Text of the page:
May 31, 2009

So you can sift backwards to see that I run XBMC on my lone Linux box now. My work requires Windows of me and a while back T donated her laptop to a friend of ours in some college courses. So I wiped my Debian install and put Windows on that one.

But I love me some Linux. And XBMC rocks. It has the perfect compliment of features and stability for me.

It has taken a while to get things exactly the way I like it. Mostly it’s because I can’t leave well enough alone(which is why I like Linux so much). But now all I do with this box is play media. So Gnome instead of being my backup is now just a resource hog. And if I don’t use it, why keep it?

So I did some hunting and found out how to replace Gnome with XBMC for my desktop manager.

Let me first point out that once you do this, you will not have easy access to a command prompt. Yes there is Ctrl-Alt-f(x), but that is a pain in the ass. So I prepped my system for ssh. Make sure it works correctly, nothing like trying to troubleshoot a system when you are having troubles getting to a local command prompt.

I also reset a few other options. I killed unneeded processes and shut the sound off on the login screen for GDM. Nothing like having a random crash in Ubuntu and hearing that stupid bongo sound at full speaker volume. Startles the fuck outta me and T when it happens.

But once you have set up a way to get into the system when local access is gone, you need to tell GDM to go to XBMC.

So let’s do this…

First off, I like being in the directory where I want to do my work. It just makes it easier to copy and edit, not long-assed command lines here.

The main files are over in /usr/share/xsessions let’s go there.
cd /usr/share/xsessions

Now let’s see what we have…
ls

You should see an entry for Gnome (if you are using standard Ubuntu, that is). It is going to say, gnome.desktop.

Just to make life easy, let’s grab a copy and rename it.
sudo cp gnome.desktop xbmc.desktop

Not so tough was it?
Great, we now have two entries, fat lotta good it does. You now have to items that start up Gnome. Let’s do some file editing. Since we are in the root stuff, we need to use sudo here. I really wish that Ubuntu would let me just su into here without having to do other stuff to get it working, but I am not annoyed enough to do it. So let’s start editing.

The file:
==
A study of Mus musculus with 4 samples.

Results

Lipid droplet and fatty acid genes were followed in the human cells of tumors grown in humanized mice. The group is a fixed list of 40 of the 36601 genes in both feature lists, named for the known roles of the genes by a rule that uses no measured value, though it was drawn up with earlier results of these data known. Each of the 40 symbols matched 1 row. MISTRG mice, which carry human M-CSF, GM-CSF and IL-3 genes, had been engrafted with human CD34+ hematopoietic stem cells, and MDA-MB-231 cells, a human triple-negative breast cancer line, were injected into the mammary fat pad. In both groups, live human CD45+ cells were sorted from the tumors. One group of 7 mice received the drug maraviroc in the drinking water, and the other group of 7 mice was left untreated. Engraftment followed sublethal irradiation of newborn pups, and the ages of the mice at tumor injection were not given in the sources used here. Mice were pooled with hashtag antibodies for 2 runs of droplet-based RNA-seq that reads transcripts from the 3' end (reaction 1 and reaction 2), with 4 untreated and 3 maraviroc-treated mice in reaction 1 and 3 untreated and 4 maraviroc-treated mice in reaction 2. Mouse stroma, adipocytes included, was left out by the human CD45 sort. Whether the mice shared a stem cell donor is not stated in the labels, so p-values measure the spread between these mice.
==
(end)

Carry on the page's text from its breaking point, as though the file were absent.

sudo nano xbmc.desktop

Now you should see this…
[Desktop Entry]
Encoding=UTF-8
Name=GNOME
Comment=This session logs you into GNOME
Exec=/usr/bin/gnome-session
# no icon yet, only the top three are currently used
Icon=
Type=Application
X-Ubuntu-Gettext-Domain=gnome-session-2.0

We got some stuff to change now. First change Name to something that will let you know you are going into XBMC. I used XBMC, damn where do I come up with stuff like that? Next we need to change the Exec line to fire up XBMC. The actual executable is /usr/bin/xbmc. While you are at it, I would advise changing the Comment line also. Comments are damned helpful. Once you have made the needed edits, do a Ctrl-x and save the file. Did I mention you can use Vi, Vim, Emacs, or any other editing program? You can, I am just using nano because it is so stupidly simple and it isn’t like I need the features other editors have, Just write the crap and save.

Here is what you should have…
[Desktop Entry]
Encoding=UTF-8
Name=XBMC
Comment=This session logs you into XBMC
Exec=/usr/bin/xbmc
# no icon yet, only the top three are currently used
Icon=
Type=Application

Fuckin A, we got it. Log off, and at the login screen switch your user session(the spot to do that is at the lower left-hand corner).

You should be presented with XBMC, in full screen without any other miscellaneous garbage. So fucking sweet. You also save a shit ton of resources that Gnome needs to run, so things suddenly get a bit snappier. And if you have set up the computer for auto login, you can just boot straight into XBMC from this point. Also, if you set XBMC to Quit when you shut it down, you can go back to the login manager and switch desktops too.